Sun. Jun 20th, 2021
The Washington state Capitol in Olympia is pretty quiet these days as legislators work from home. (GeekWire Photo / John Cook)

Washington state legislators this week approved a new tax on capital gains. But the bill, SB 5096, was held up in the state Senate late Thursday where it must pass by Sunday to get the governor’s signature.

The ongoing argument around the legislation is centered around whether the tax is a necessary way to help level the playing field among taxpayers in Washington state, or whether the action amounts to an unconstitutional state income tax that would ultimately drive businesses and entrepreneurs out of state.

And the argument in the Senate? Whether voters have a say with the new tax. This problem appears to need a solution before the bill can move through the legislature before the session ends.

Here’s a quick explainer of the legislation that has divided lawmakers along party lines.

What is a capital gains tax?

A simple explainer comes from the state Senate staff report on the measure: “A capital gains tax is a tax on the profit realized on the sale of non-inventory assets purchased at a lower price than the sales price. Common examples are capital gains realized from the sale of stocks, bonds, mutual funds, boats, and real estate.”

What does this legislation do?

If you live in Washington and you pay capital gains taxes, you likely pay them only to the federal government. SB 5096 would change that by adding an additional 7% tax payment to the state for specific capital gains over $250,000. This, opponents argue, amounts to a personal income tax, which is not yet constitutional in Washington, though in 2019 a lower state court opened the door for the Washington Supreme Court to change that. Proponents of the measure have argued that it is a legal excise tax, not an income tax.

And as for those federal capital gains taxes you might already be paying? Those, too, might be going up under a new Biden administration proposal.

What sales would be taxed?

The bill is fairly narrow, as far as capital gains taxes go. Stock sales over a certain threshold (see below) would be taxed. Real estate would not be. The first $250,000 of capital gains would be exempt from the tax. From the staff analysis: “Excluded (from the proposed capital gains tax): all real estate land and structures; assets held in a retirement account; assets transferred as part of a condemnation proceeding; livestock related to farming or ranching; certain types of property used in a trade or business such as machinery and equipment that have been immediately expensed; timber and timberlands; and goodwill received from the sale of a franchised auto.”

Who likes this?

Democratic lawmakers who have long complained that the state is too dependent on regressive taxes such as sales and property taxes to fund the state. State officials estimated the tax would pull in $550 million annually starting in 2023.

Who doesn’t?

Republican lawmakers. They have long opposed any tax that resembles a state income tax. This fight goes back to the Great Depression.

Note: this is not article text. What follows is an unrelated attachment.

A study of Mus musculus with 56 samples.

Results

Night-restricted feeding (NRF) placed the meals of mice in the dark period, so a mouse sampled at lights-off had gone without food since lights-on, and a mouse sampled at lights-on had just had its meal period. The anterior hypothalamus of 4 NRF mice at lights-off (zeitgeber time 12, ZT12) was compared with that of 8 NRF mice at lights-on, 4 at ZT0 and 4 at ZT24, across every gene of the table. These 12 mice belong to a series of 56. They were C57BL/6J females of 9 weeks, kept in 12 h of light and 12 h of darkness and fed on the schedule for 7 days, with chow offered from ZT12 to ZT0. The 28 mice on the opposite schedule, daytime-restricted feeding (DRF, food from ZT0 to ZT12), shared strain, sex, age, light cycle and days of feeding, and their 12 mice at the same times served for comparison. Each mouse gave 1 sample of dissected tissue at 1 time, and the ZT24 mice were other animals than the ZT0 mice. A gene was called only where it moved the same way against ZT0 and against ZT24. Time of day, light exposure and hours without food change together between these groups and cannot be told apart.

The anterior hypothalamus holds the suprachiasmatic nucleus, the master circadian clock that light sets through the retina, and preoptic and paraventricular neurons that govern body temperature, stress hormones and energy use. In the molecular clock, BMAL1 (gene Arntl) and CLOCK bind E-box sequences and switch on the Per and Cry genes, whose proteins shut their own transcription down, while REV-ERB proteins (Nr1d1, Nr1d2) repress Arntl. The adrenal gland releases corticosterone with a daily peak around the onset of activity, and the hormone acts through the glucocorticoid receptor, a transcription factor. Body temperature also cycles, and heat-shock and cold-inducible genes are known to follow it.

What about the tech industry?

Washington state’s startup community has been locked in a tense debate over the legislation, one of several proposed taxes targeting the wealthy in a state with a tech industry that has surged over the past year. A letter published by the Washington Technology Industry Association, which represents more than 1,000 tech startups and larger companies, warned the tax will “remove a meaningful attraction and retention mechanism” for startups and “harm our competitiveness.”

But many tech workers have lobbied the legislature in favor of the bill as part of a coalition called Tech4Recovery. In an open letter on the Tech4Recovery website, the group notes that the tech industry has been booming during the pandemic while other parts of the economy suffer.

Tech employees delivered a similar message during a February hearing on the proposed billionaire tax.

Civic Ventures, a progressive think tank formed by early Amazon investor Nick Hanauer, called the WTIA claims “absurdly, obviously false” in its own letter to the state legislature.

“The WTIA letter’s central claim is that adopting a tax on extraordinary capital gains will make Washington inhospitable to startups and lead them to locate elsewhere, but this is demonstrably false,” Civic Ventures wrote. “Virtually every state that is a leader in high-tech startups — like California, Massachusetts, New York, and Virginia — also has a state tax on capital gains.”

What happens next?

It depends on what the Senate does. A significant point of contention remains: whether or not this legislation should then head to the voters as a tax referendum. Currently, the bill has language that will allow it to bypass a voter referendum. But not every Democrat agrees with this workaround and late Thursday the Senate refused to agree on the voter bypass language. What version of the bill is finally approved by the entire legislature is an open question, even at this late stage. The legislative session ends on Sunday so the state Senate must pass it by then. If passed, it would head to Gov. Jay Inslee’s desk.

And then?

Likely to court. Republicans and conservative anti-tax law groups such as the Pacific Legal Foundation have said the law violates the state prohibition on income taxes — the city of Seattle lost its bid to pass a city income tax in 2020, for example — so a court challenge is probable. Democratic Rep. Noel Frame, the bill’s sponsor, said she “fully expects” the bill to be challenged in court if signed. “But I think we have a really strong case that this is an excise tax,” she said Thursday in an interview.

Editor’s note: This story has been updated with comments from Rep. Frame and additional information.